All Kids Want a Head Start

Without universal preschool, middle class families vie for the same early education treatment that those who live below the poverty line are afforded.

Mario Villafuerte/Getty,Mario Villafuerte

In New York City, affluent parents sign up for pre-school while their child is still in the womb. Waiting lists are long and it’s become an article of faith that the earlier the schooling the better to give kids a head start on the competition that lies ahead. With the politicians talking about income inequality and its insidious effect on children, everyone was relieved when cuts to the early education program Head Start were restored in the recent bipartisan budget deal, but federal funds only cover two out of five eligible kids.

In the District of Columbia, where I live, four to five thousand kids whose family income falls below the poverty line ($24,000 for a family of four) should be served by Head Start, but aren’t. Critics say the program is not cost-effective, that academic gains made at the end of a year fade over time. Advocates say that early intervention has benefits beyond test scores because it exposes kids to language and structure they may not get at home.

President Obama wants more than Head Start; he wants universal preschool. So do New York City Mayor DeBlasio, New York Governor Andrew Cuomo, and a growing cadre of politicians across the country. Preschool is a hot issue, which is why I eagerly accepted an invitation to visit El Centro Rosemount, a Head Start center in the District that also enrolls both full tuition kids and kids subsidized by the DC government.

The large California mission-style stucco building with a red tile roof was once a home for unwed mothers run by an Episcopal charity, but since 1972 it has been an early childhood center funded in part by Head Start. On my tour, a three-year old boy rushed over to show me his book. “C O U R D O R O Y,” he said, saying each letter and then proudly declaring the word. (Courdoroy is a toy bear that lives in a department store).

For me, this child epitomizes the value of early schooling, the way it can instill a love of learning. But it’s expensive. One preschool student costs Rosemount $12,000 per year, $18,000 for a toddler, and $27,500 for an infant. The Center serves 372 children and has a waiting list of over 350 families. Affluent families in the heavily Hispanic Adams Morgan area where Rosemount is located are paying customers, but the Center estimates it loses more money with them than it does with the children who are subsidized. Upper income families are attracted by the dual-language, Spanish and English, program, and the Center’s CEO says some parents are lobbying to add Chinese and Arabic.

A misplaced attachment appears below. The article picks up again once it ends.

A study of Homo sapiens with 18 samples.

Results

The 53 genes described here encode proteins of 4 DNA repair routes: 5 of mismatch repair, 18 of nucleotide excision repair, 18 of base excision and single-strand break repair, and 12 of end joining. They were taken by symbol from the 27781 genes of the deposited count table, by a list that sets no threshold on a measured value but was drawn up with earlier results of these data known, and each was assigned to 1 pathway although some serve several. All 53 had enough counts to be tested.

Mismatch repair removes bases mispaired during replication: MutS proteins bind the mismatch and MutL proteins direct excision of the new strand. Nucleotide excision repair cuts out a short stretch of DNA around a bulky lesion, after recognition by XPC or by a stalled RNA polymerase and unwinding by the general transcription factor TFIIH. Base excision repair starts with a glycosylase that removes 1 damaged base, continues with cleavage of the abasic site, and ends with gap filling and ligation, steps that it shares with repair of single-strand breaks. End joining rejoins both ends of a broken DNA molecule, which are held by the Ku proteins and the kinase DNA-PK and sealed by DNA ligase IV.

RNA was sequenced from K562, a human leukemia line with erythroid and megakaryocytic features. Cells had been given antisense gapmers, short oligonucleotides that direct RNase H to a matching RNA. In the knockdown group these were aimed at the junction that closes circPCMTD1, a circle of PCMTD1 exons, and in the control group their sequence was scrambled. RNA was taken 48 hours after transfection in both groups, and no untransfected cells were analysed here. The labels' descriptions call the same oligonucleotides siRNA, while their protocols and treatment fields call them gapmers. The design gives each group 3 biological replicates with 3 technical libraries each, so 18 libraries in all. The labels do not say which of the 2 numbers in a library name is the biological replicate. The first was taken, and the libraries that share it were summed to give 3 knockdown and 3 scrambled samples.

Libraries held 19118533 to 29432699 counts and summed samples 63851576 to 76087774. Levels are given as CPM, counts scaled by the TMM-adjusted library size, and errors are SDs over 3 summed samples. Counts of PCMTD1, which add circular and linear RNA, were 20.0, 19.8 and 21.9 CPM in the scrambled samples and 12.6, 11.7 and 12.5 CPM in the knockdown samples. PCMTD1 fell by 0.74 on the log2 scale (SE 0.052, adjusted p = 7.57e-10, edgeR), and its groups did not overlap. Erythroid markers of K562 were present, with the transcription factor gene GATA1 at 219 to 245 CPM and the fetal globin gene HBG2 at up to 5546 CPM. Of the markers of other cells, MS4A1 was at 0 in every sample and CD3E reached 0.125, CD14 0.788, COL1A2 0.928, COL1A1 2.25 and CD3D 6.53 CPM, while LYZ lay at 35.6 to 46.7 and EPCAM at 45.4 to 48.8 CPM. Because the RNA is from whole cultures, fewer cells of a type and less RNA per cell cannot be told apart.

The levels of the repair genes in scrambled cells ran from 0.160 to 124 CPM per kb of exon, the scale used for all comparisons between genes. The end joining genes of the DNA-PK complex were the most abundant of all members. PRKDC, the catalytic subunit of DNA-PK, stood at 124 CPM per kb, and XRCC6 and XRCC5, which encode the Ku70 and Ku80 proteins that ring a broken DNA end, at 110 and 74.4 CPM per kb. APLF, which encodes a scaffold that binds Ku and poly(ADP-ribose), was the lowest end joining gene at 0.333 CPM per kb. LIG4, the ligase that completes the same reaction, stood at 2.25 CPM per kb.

Rosemount relies on federal grants, local government, private foundations and individuals to support its $4 million annual budget. Funding is fragile, says CEO Jacques Rondeau, a retired Air Force colonel who likens running a squadron to running a day care center “because pilots are just big kids.” He expects more cutbacks to Head Start when budget sequestration kicks in again in 2015. “People worrying about picking up Head Start bills will be picking up bills for prison and a lot of other things,” he says. “That’s my theory.”

That’s what advocates believe, but there is conflicting evidence about the enduring value of early intervention. “You can cite facts, but they’re open to interpretation,” says Ron Haskins, co-director of the Brookings Center on Children and Families. One thing we do know, he says, is that the lowest performing kids in poor families are those who stay at home and don’t receive Head Start or any other outside intervention. “We talk about closing the gap, then we should focus on the poor,” he says. “Kids from middle-class families don’t get that much boost [from preschool]. Look how tight money is, and we’re going to subsidize people making a hundred thousand bucks? It comes down to what are we going to do with our money. We don’t have a lot; we should focus on the poor kids.”

Try telling middle-class families they don’t need preschool for their children when they’re conditioned to look for every advantage. A hundred thousand dollars doesn’t stretch that far in New York City, which is why de Blasio and Cuomo want universally funded programs open to all regardless of income. Parents today are convinced that if their child doesn’t read by the time he or she enters elementary school, valuable ground is lost. The issue has been so energized politically that targeting resources only on the poor would inevitably spark a damaging backlash.

Head Start has endured for 50 years, and enjoys iconic status in America’s safety net. Critics may grumble that the modest gains that can be measured with test scores don’t justify the cost, but Head Start advocates cross party lines and more access to Head Start-like programs for more affluent families is driving the political debate. “Some people still have Head Start in a church basement with poor children—that social work, loving heart mentality—but that’s a long time ago,” says Lucia Palacios, a consultant who works with Rosemount to navigate the maze of regulations associated with federal Head Start funding. “Head Start is now a business.”

With any business, quality control and cost must be taken into account. Judging by the political interest and growing momentum, Lucia and her colleagues at Rosemount know this is a breakthrough moment. “Because there is such a microscope on us, we carry the responsibility to show what we’re doing is effective,” she says. “It’s like your mother-in-law coming to visit. You always maintain a good home, but you elevate your performance.”